FORT PICKETT, Va. -- With each era in history comes a new form of warfare. Gone are the days of battles fought on open battlefields or in treacherous trenches with a defined enemy. Now the enemy emplaces Improvised Explosive Devices and suicide bombers move among the civilian population.
The growth of concrete jungles and a rise in unconventional warfare has led to the increased need for urban assault training to combat the war on the streets. April 25, 2007, saw the Marines of Weapons Platoon, Company I, Battalion Landing Team 3rd Battalion 8th Marine Regiment, 22nd Marine Expeditionary Unit, "attack" the Urban Assault Course aboard Fort Pickett, Va., with a high degree of intensity.
The course kicked off with a safety brief and consisted of two live-fire ranges and one dry-run range.
Stage one, the individual and team task stage, pitted a two-man team equipped with live rounds against several bullet riddled pop-up dummy targets strategically placed in narrow rooms and hallways. The design of the little shacks forced the Marines to adapt to the environment and enhanced the realism of the training.
"This is very realistic," said Operation Iraqi Freedom veteran Lance Cpl. Arthur L. Bush, the thoughtful look in his eyes deepened by the shadow of his Kevlar helmet. "For a second I thought I was back in Iraq where most of the rooms are that small."
The second stage of the course, the urban offense and defensive tasks, concentrated on working together as a squad. This was the dry-fire portion of the course.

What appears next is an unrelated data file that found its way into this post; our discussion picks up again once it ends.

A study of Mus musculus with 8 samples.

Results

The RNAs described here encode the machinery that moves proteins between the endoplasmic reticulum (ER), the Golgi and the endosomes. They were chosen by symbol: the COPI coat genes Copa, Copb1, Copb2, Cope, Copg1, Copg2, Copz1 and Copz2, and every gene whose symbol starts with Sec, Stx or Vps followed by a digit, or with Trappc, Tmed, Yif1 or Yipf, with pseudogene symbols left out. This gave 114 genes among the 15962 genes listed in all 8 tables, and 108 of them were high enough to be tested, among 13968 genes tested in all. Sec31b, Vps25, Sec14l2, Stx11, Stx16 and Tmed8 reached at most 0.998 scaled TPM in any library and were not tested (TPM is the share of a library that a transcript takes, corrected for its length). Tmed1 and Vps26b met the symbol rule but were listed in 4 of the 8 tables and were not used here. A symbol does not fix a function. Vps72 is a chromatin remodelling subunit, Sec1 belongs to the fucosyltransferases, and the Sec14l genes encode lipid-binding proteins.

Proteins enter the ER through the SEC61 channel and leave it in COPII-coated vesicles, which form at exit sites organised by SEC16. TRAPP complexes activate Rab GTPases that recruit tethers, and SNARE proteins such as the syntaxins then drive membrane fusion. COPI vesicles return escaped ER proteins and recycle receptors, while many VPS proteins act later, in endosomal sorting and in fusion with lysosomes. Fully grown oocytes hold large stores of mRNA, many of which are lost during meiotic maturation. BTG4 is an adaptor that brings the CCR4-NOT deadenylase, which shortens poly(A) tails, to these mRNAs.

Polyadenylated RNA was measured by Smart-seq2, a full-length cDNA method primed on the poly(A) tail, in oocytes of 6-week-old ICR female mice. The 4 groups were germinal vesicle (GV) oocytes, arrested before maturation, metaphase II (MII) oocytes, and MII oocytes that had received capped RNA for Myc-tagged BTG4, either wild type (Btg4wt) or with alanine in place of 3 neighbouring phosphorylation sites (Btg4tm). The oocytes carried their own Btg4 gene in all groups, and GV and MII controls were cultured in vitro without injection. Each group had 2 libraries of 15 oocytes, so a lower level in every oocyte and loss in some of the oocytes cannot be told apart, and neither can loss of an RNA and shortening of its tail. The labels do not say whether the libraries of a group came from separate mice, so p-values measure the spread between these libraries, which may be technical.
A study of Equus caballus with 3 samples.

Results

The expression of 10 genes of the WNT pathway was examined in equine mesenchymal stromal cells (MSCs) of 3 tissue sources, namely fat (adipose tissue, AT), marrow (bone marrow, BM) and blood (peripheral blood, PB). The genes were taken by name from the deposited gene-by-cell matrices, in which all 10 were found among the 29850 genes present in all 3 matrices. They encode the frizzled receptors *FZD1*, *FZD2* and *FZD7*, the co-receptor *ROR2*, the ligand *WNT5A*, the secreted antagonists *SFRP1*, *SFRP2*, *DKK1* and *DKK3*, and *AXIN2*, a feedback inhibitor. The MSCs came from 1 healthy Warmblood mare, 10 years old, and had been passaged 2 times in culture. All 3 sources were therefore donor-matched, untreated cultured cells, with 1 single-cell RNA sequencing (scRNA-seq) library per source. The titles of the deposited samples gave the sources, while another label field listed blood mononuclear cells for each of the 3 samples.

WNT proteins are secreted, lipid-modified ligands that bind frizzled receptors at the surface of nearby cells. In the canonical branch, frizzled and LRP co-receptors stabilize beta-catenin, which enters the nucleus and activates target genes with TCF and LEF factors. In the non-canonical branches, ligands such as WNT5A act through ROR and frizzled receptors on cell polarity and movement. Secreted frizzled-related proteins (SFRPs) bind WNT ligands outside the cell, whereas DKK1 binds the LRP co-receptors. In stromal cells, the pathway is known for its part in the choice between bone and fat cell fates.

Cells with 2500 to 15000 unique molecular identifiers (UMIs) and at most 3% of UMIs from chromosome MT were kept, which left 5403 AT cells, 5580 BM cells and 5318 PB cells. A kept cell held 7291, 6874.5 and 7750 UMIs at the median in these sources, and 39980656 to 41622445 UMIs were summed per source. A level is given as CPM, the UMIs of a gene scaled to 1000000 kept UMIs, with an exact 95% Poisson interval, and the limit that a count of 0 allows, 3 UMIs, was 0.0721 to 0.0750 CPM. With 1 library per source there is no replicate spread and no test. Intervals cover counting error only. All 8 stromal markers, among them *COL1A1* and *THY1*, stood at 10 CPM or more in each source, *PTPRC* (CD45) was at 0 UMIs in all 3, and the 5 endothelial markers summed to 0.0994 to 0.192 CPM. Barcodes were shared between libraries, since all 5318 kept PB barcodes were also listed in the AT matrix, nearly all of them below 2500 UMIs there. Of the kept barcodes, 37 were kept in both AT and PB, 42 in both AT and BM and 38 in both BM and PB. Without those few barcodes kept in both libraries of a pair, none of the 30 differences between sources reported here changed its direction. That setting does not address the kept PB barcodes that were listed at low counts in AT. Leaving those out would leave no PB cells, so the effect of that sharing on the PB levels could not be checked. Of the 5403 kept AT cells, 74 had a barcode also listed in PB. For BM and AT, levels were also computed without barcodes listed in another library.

The third stage of the course took it to the next level, combining squad and platoon size tasks to the equation.
The eerie shadows cast by the high midday sun and the brisk wind stirring up the dust gave the makeshift town a more ghostly look than usual.
"This is awesome training. The only thing I can compare this to is Ramadi," said Cpl. Christopher Trinemeyer while wiping beads of sweat from his forehead while he explained how the structure and setup of the dusty plywood-city bore a strong resemblance to the streets of Iraq.
The exercise also helped the newer Marines with the unit overcome the initial challenge of charging into a room without knowing what's on the other side of the door.
The use of live rounds, as opposed to blanks, at close quarters helped drive the point home that the Marines could trust the Marine next to them if ever in a combat situation.
"If you can clear one room you can clear five," explained Staff Sgt. Jason L. Smith, the range safety officer for the day. "The most important thing is overcoming that initial fear and understanding the violence of aggression."
With the rise of unconventional warfare, it's only natural that the Marines have done what they do best, adapt and overcome.
At the end of the day, the training exercise helped the Marines and sailors of BLT 3/8 gear up for any operations they might encounter in an urban environment when they deploy as the Ground Combat Element for the 22nd Marine Expeditionary Unit later this year. For more information on the 22nd MEU, visit the Website at http://www.22meu.usmc.mil.